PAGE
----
The most famous mouthpiece in the NBA — maybe in league history — went flying in frustration. It inadvertently hit a fan near the scorer’s table. A referee assessed a technical foul and pointed his finger toward the locker room, inciting roaring jeers from the crowd of 20,562.
With that, Stephen Curry’s night was over and, with it, so were the Golden State Warriors’ already slim chances to claw back into a nightmarish Game 6 of the NBA Finals in Cleveland on Friday night. The Cavaliers went on to win, 115–101, and tie the series at 3–3 after looking virtually done only six days earlier.
In a season of soaring achievements, this might have been the lowest point for Curry and the Warriors. At least that’s what they’re hoping as the series heads back to Oakland, for a momentous Game 7 on Sunday night. No team has ever lost a 3–1 NBA Finals lead as the Warriors are in danger of doing. Golden State’s dream season — and its chance to build a true dynasty with consecutive championships — comes down to one final game.
Curry, the most electrifying player in basketball today, has never been ejected from a game before. He is both an unashamed Christian and an extreme competitor. And like any Christian, he’s shown that he’s not perfect.
In a moment of anger, he made a very public mistake and paid for it. To his credit, he immediately apologized to the fan he hit with his mouthpiece. As Christians, we want to expect better from him. We don’t make excuses for his mistakes. And we are not surprised to discover chinks in the armor of any fellow sinner. We can acknowledge the enormous pressure he’s facing — highest level of basketball in the world, first unanimous NBA Most Valuable Player, first team to win 73 games, potentially first team to lose a 3–1 lead in the Finals — and extend the grace we would hope to receive under similar circumstances.
I profiled Curry for FCA Magazine’s May/June edition. He seems to have a good, biblically based perspective on life and his career — and the wild swings of success and failure that come with it. For every huge shot or Game 7 win, there are gut-punch losses (and occasional self-induced trials) to swallow. NBA scoreboards, he says, don’t ultimately define him. He knows there’s a bigger picture involved. By rooting himself in Scripture and acknowledging God’s larger plan, he’s been preparing for these kinds of moments — both glorious highs and frustrating lows — his whole life. These things will surely be on his mind as Sunday night approaches.
Laying the Foundation
In the fall of 2006 — long before Curry became a household name, won consecutive MVP awards, or revolutionized the league — he needed a pep talk from his mom.
At the time, Curry was a college freshman at Davidson, a nondescript outpost on the NCAA Division I frontier. After starring at Charlotte Christian School, he had hoped to follow in the footsteps of his father, Dell, a 16-year NBA veteran, and play at Virginia Tech, or even at one of the Atlantic Coast Conference’s bluebloods. Instead, major college programs looked at Curry’s diminutive stature — about 6 feet and 160 pounds then — and demurred. Only longtime Wildcats coach Bob McKillop believed. So the future basketball supernova who would one day torch NBA record books hopped on Interstate 77 and traveled 30 miles north to Davidson, a small liberal arts school that hadn’t won an NCAA tournament game since 1969.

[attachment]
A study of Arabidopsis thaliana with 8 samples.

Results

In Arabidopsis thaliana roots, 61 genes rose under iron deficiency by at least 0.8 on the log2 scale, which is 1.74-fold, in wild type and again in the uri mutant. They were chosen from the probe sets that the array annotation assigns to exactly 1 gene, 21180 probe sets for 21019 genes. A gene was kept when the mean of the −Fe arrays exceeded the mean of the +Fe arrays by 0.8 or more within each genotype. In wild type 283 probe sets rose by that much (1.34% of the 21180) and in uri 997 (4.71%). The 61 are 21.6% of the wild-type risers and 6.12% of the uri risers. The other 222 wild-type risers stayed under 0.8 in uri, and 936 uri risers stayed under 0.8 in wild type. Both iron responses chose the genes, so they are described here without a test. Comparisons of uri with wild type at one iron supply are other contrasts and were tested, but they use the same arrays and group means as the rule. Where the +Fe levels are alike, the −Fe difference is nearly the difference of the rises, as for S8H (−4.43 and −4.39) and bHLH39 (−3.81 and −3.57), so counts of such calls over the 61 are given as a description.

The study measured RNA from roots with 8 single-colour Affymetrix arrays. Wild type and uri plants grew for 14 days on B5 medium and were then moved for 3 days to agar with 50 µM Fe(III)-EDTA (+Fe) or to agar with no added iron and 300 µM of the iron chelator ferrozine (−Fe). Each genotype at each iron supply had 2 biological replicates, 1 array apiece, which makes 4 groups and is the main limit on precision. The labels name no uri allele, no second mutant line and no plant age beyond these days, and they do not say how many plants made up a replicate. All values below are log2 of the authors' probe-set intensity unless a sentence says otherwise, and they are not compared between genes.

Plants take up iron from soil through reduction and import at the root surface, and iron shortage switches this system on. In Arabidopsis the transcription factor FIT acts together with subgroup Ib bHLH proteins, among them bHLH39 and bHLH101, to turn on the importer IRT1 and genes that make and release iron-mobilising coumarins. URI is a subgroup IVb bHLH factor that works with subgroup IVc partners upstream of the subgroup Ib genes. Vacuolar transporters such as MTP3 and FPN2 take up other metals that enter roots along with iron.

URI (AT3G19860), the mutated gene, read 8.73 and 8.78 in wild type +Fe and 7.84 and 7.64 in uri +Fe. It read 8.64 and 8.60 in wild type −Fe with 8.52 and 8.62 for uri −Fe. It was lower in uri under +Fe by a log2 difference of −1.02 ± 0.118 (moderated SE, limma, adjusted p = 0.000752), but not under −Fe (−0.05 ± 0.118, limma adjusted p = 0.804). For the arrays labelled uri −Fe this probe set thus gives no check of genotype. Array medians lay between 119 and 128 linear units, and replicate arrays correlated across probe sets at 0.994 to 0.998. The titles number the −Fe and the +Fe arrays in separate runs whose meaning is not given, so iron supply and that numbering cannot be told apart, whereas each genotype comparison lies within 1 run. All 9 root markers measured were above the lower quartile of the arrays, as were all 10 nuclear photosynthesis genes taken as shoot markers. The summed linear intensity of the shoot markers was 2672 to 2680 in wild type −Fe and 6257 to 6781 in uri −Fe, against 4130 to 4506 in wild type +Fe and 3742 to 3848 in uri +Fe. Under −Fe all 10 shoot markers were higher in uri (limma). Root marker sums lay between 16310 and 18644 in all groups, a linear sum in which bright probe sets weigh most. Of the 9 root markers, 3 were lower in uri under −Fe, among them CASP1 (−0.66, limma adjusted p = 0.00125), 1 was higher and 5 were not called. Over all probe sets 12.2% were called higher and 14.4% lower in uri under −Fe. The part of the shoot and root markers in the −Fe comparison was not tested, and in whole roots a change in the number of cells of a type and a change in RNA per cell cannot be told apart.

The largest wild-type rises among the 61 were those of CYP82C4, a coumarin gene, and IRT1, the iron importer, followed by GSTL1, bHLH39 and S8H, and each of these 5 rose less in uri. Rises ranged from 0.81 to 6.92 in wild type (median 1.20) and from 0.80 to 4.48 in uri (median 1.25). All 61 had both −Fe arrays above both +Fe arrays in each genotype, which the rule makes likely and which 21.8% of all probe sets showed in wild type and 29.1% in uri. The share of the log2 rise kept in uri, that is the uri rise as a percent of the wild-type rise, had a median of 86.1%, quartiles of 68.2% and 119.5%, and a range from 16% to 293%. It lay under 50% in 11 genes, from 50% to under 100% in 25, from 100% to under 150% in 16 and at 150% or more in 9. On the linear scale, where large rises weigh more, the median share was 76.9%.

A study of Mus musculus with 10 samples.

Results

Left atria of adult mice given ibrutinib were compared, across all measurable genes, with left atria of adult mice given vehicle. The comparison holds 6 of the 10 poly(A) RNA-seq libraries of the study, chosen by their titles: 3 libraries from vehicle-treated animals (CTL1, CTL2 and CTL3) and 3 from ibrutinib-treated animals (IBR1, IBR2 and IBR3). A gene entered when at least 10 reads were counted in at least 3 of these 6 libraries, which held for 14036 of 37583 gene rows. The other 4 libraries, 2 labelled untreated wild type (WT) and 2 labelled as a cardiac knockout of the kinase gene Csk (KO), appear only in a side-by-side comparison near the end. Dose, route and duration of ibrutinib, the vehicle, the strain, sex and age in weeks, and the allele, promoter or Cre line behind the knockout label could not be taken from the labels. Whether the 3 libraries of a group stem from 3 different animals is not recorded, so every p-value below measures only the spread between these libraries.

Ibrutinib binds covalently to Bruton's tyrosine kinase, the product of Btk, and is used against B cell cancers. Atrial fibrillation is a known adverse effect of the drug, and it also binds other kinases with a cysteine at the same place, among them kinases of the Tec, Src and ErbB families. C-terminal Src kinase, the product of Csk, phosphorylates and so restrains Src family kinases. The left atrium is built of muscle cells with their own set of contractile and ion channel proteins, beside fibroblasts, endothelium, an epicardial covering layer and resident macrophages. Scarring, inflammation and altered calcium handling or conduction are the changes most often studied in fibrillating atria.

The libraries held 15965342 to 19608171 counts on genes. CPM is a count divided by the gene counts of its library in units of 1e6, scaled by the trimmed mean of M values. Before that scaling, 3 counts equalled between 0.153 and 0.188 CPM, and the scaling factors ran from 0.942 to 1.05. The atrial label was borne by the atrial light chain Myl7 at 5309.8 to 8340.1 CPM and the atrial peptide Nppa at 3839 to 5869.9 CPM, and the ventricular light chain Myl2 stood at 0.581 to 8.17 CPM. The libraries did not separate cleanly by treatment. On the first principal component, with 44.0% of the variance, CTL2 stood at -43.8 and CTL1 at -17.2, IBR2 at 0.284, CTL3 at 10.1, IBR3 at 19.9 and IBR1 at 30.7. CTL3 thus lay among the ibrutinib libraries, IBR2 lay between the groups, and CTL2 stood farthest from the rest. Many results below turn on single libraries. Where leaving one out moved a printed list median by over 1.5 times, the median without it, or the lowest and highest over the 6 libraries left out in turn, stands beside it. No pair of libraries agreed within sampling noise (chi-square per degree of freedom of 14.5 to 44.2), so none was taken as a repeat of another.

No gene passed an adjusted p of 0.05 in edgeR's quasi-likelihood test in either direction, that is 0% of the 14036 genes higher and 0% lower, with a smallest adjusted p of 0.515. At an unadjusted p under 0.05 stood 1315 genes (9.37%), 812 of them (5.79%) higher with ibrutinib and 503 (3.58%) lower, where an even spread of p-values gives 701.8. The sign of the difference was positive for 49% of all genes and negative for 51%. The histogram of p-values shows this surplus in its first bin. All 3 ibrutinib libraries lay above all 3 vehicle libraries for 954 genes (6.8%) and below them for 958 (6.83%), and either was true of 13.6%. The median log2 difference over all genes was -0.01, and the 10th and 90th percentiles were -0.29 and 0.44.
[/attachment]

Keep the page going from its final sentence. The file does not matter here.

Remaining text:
Needless to say, as he prepared for his first preseason practice, Curry was anxious. Suddenly, a text message from Sonya Curry appeared on his phone. “Stay faithful and work hard,” she implored. Then she reminded him of Romans 8:28:
“We know that for those who love God all things work together for good, for those who are called according to his purpose.”
The apostle Paul’s words reassured Curry, so much so he scribbled that Scripture reference — along with his other life verse, Philippians 4:13 — on every pair of game shoes he wore during his illustrious Davidson career. To this day, Curry’s game shoes always bear some nod to Philippians 4:13:
“I can do all things through him who strengthens me.”
“Those are just two reminders of who I’m playing for and where my talents and my strength come from and if I seek him, then everything will take care of itself,” Curry said, now 28 years old and finishing his seventh season with Golden State. “So those are two ways that I stayed humble throughout the experience [at Davidson] knowing that the Lord was just preparing me for hopefully a bigger stage to represent Him and share and be a witness on the basketball court.”
What Curry Can Do
On January 8, 2015, Under Armour introduced the first of Curry’s new signature shoe line, the Curry One. The lace loop encircling the shoe tongue featured “4:13,” referencing Curry’s favorite verse, while a portion of the famous Philippians quotation was inscribed on the inside tongue: “I can do all things.”
Curry, it seems, can do anything on a basketball court. Using both traditional statistics and advanced metrics, you can make a strong case that he is currently the greatest basketball player in the world. During his 2014–15 MVP season, he averaged 23.8 points per game, broke his own NBA record for three-pointers made in a season (286), and led the Warriors to their first NBA championship in 40 years.